The PPS Graduate Professional Index conducted among almost 400 medical doctors and 160 pharmacists has revealed that 93% of the medical doctor respondents and 96% of the pharmacist respondents believe that South Africans take antibiotics too frequently. Executive: Medical Standards and Services at PPS, Dr Dominique Stott, talks about these results and how antibiotics should be used correctly.

There is a current consumer trend where a patient arrives at the doctor’s rooms having already ‘researched’ their symptoms on Google and believes that an antibiotic will ‘cure’ their condition. As a result, the PPS Graduate Professional Index survey results could be partly due to the increased consumer pressure on medical practitioners to prescribe antibiotics unnecessarily for simple conditions like colds, flu and viral infections.

Using antibiotics correctly

The over-consumption of antibiotics has resulted in an increased amount of people developing resistance against this type of medicine, in which case they are not able to respond accordingly for simple ailments it is intended for.

There are various ways to use antibiotics incorrectly; this includes not completing the course, not taking the medication at the correct time intervals or failing to take it with or without food as indicated. However, over-consumption of antibiotics can enable the development of resistance even when the medication is taken correctly.

Nowadays consumers tend to believe that a doctor’s consultation was not taken seriously by the medical professional if the patient leaves without antibiotics. Consumers need to accept that it is not about how much medicine gets prescribed, but rather about getting the right medicine to fight the infection, which in some instances might be no medication at all.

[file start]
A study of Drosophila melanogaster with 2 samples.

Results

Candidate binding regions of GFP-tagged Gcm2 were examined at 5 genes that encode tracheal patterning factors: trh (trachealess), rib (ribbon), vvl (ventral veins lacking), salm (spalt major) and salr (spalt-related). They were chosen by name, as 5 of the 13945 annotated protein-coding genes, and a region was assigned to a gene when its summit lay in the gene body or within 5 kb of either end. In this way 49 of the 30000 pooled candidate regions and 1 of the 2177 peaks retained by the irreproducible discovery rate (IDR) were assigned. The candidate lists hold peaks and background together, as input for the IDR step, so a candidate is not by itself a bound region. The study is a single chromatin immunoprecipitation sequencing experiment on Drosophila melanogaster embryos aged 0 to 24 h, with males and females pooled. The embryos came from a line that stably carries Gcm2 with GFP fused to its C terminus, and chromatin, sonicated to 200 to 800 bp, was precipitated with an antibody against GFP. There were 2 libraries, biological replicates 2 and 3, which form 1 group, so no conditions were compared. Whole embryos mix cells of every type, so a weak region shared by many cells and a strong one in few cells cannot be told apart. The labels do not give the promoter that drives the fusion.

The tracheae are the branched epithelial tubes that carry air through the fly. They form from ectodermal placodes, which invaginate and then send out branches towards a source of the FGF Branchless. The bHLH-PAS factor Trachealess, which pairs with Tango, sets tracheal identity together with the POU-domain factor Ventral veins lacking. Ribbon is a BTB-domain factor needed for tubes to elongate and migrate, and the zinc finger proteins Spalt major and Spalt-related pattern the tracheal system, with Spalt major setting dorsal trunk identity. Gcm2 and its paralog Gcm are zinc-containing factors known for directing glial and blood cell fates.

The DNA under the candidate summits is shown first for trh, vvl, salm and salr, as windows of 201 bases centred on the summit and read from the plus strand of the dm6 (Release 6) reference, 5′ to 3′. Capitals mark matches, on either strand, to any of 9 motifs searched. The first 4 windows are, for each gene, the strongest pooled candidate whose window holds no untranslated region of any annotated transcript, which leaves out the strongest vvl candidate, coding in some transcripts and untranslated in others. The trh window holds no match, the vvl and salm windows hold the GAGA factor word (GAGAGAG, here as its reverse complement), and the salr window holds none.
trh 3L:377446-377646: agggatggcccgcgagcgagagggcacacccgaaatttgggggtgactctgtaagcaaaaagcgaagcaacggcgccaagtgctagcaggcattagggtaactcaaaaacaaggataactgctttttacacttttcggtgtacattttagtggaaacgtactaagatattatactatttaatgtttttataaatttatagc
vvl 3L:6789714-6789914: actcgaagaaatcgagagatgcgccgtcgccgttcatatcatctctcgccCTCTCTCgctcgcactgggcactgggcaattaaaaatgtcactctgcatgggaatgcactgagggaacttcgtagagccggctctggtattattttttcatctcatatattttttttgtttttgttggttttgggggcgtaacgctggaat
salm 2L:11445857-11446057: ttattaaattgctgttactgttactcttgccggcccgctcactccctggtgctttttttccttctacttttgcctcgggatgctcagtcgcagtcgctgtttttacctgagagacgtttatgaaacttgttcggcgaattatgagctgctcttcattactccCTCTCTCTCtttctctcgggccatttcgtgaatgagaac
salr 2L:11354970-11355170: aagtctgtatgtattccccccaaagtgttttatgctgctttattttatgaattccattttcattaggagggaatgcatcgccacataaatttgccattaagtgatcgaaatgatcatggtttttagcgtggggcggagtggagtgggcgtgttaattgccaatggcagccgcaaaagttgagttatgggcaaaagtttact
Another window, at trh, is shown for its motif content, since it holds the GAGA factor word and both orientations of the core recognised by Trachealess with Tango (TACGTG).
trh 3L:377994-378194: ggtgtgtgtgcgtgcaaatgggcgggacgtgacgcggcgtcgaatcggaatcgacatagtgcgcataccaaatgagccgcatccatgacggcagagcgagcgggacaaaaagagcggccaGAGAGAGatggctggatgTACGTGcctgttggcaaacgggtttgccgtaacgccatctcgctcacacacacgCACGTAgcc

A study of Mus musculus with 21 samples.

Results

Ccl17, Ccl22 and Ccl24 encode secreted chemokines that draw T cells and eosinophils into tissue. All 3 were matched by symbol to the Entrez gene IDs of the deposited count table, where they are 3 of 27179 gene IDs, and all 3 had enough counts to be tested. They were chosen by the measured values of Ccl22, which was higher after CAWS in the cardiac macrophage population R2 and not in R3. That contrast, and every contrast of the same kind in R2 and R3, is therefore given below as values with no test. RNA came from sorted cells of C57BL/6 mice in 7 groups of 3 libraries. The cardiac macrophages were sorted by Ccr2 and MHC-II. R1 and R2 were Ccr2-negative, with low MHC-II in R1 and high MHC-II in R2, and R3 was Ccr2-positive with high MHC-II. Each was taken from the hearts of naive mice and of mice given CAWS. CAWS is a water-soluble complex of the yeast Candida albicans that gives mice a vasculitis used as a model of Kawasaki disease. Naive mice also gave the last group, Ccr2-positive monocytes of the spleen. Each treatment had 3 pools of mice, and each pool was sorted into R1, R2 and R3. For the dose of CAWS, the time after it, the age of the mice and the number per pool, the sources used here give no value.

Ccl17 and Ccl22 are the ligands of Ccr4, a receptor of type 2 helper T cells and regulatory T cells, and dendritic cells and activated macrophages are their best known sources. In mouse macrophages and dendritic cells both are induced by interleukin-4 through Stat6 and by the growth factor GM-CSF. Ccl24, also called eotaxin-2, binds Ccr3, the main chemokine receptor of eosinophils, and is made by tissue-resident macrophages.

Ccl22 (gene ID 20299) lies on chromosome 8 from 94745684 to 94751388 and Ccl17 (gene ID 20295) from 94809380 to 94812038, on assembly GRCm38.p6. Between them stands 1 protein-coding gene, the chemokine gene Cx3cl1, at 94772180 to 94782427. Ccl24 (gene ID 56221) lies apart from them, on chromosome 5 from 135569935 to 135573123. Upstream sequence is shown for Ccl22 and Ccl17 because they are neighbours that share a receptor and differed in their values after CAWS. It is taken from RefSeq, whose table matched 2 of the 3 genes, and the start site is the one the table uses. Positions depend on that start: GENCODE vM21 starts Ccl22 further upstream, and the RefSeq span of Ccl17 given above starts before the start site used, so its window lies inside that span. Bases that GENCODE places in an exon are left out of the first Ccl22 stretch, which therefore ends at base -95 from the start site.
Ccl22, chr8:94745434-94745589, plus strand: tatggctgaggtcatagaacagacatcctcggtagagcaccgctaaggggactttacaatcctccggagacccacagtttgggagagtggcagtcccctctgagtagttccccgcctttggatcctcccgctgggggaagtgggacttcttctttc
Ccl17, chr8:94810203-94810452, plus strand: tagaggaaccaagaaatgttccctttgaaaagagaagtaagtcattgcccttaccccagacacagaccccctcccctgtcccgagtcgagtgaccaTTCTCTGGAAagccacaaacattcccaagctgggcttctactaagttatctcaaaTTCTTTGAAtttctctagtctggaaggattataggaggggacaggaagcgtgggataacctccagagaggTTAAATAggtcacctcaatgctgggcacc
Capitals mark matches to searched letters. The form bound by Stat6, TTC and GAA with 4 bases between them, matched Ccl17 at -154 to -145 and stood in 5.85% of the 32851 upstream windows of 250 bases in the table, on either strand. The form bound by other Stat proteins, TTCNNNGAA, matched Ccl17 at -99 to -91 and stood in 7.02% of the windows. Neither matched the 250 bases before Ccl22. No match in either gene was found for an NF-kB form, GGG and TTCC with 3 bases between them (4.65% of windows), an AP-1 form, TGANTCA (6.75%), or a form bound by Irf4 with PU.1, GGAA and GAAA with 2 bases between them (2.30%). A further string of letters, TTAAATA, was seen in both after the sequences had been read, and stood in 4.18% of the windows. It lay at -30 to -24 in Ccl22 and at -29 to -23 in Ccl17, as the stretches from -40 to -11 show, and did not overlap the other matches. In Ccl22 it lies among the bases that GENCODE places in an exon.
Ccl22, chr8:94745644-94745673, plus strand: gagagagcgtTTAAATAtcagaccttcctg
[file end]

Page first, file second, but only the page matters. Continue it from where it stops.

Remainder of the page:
Combating antibiotic resistance

As bacteria become resistant to current antibiotics, pharmaceutical companies need to develop new antibiotics to counter the new strains of bacteria. These new antibiotics are much more expensive to develop and the current rate of bacterial resistance development is fast outpacing the rate at which new drugs to counter the bacteria can be developed, which will place immense pressure on the healthcare system.

In an effort to combat this growing issue, people should only use antibiotics when it is appropriate, follow guidance from a doctor, complete the entire course even when feeling better, do not share antibiotics with others and never use leftover antibiotic prescriptions.

Healthcare costs are already expensive but should more consumers develop antibiotic resistance, costs will soar even more significantly. New antibiotics are already expensive and as many patients may require hospitalisation, complications are more likely to develop during a lengthy hospitalisation period, which is when antibiotics are needed most. In essence, antibiotic resistance could result in mortality and morbidity rates from untreatable infection increasing across the globe.